If you are considering adopting a kitten, this post is for you. Have you wondered what it is like to raise a kitten? Both Cinco and Manna were kittens when I adopted them. We have had some really wonderful times together. To keep this post from becoming a novel I’m going to focus on what things were like when we adopted Manna. Hopefully my experience can help you with yours!
Being the Mommy Cat
Manna came into my life when she was only about 3 weeks old. Kittens really shouldn’t be away from their mother until they are 12 – 16 weeks old, but she was found on my Dad’s porch step with no sign of her mother (click here to read more of her Gotcha Story). I already had Cinco who was just over a year old at the time. I had experience with baby animals before, so I figured I could handle the responsibility of raising a baby kitten. Besides, Manna had me at “Meow.”
I’m not sure that people understand how much having a kitten at home is like having a human baby at home. The difference is that the kitten physically matures faster. Manna had to be fed kitten formula every 2 or 3 hours for the first month or two that I had her. That kitty never missed a beat! She let us know it was time to feed her if we were running behind. Manna never wanted me to use the eye dropper to feed her; she just wanted to lap it up off of a small plate. What a mess! I should also mention that kitten formula is really expensive after a while. The memory of that milky face is worth the hassle though.
One of the things noted by the veterinarian the day we took Manna home was that she had fleas. Being that she was only about 3 weeks old, there were no flea remedies that could be used on her safely. What did I do for her?
- Bathe her with baby shampoo.
I would fill the bath tub with an inch or two of water and climb in there with her in my arms. Don’t ask me why I got in there with her, it is just what I have always done with my pets. My husband stood to the side, handing me the soap and helping me rinse her with water from a cup. Manna was not happy about this at all – I ended up looking like a mini-Freddy Kruger had visited me a few times.
- Keep her separate from Cinco.
Getting rid of the fleas would only be more complicated if Cinco got them too. Keeping them separate had a dual purpose; the tests for FIV, FeLV, etc could not be completed at Manna’s age either. We keep baby Manna in the bathroom, separated from Cinco as much as possible. They would still play under the door.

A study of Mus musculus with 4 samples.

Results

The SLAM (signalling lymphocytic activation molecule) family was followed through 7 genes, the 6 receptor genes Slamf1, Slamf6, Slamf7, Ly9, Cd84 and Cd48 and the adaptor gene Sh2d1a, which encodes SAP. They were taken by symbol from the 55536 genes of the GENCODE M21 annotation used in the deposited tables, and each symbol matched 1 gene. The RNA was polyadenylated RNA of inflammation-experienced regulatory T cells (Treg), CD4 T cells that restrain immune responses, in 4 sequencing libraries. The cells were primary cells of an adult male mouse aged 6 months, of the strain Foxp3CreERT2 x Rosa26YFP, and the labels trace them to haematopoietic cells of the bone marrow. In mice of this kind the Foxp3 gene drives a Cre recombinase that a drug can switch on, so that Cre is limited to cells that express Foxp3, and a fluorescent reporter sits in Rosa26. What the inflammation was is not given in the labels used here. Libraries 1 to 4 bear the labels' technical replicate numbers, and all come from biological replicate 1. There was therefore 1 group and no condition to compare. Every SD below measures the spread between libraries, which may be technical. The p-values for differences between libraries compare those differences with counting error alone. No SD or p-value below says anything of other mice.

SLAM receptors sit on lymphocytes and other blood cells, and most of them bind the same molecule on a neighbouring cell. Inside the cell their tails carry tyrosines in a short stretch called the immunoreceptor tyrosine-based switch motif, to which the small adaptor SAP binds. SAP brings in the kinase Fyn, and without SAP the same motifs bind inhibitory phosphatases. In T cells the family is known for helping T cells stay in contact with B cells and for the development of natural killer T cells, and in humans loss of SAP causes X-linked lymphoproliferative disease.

- Pray for her.
I believe that everything belongs to God – including fleas. We prayed that God would take His fleas back and He did! They were gone after about 2 weeks.
Kittens have to LEARN to do everything
Every litter box we tried with Manna was too tall for her to step into. Finally we broke down and started making little litter boxes out of cardboard boxes so they would be the right size. I wanted her to learn how to use a litter box correctly (without me lifting her in every time). Luckily, she figured out how to do her business pretty easily. I think that Cinco helped her out with a few things when she got to be big enough to use his litter box.
Kittens are very clumsy and very curious. If there is trouble that can be gotten into, a kitten will find it. Both Cinco and Manna were no exceptions to the rule. Cinco would climb up to the top of our book case and then cry because he didn’t know how to get down again. Manna once ended up in the toilet bowl and couldn’t get out. I can’t imagine a cat being more angry than she was in that moment! At least she didn’t try to flush it too!
Once Manna could be released from the bathroom, I realized I had double-trouble. Cinco had gotten used to her through the bathroom door, so they were fast friends. Cinco loved having someone to play with. However, Cinco is and always has been a big cat. His back feet were bigger than Manna was. He had to learn that she was too little to fight hard with! Sure, she would take him on, any time, anywhere, but I was terrified that he would accidentally pull her apart.
“Catching kittens” can be a full-time job. Kitten moms get to say fun things like “No! Get off the stove top! The fire is on!”, “How did you get up there?” and “Honey, the kitten is stuck in the couch again!” Just a hint – if you don’t want the kitten to eat something, lock it away somewhere. Putting something up high is only a challenge to a kitten.
Conclusions About Raising Kittens
Cinco is now 8 years old and Manna is 7 years old. They have both survived and thrived. I give credit to God and not myself. There has only been one time that we have ever had to take either one of them to the vet for an illness – another blessing from above. I’ve known people that have had cats develop chronic illness over the years and they have had to put a lot of time and money into the cats’ care. You never quite know what you’re going to get. A few blogs that feature special needs cats are Fur Everywhere and Cat in the Fridge.
Raising kittens isn’t for everyone. If kitten needs and behavior don’t sound like something you can imagine being in love with, I suggest adopting an adult cat (2 years old or better). Adult cats have a much harder time getting adopted and are very much in need of good homes! Cats do calm down and become more confident as they get older. They learn what they are capable of doing and what is risky behavior through experience. Remember that if you have human children, adding kittens to the mix may not be the best idea. Kittens do not always know how to conduct themselves around these small, grabby humans.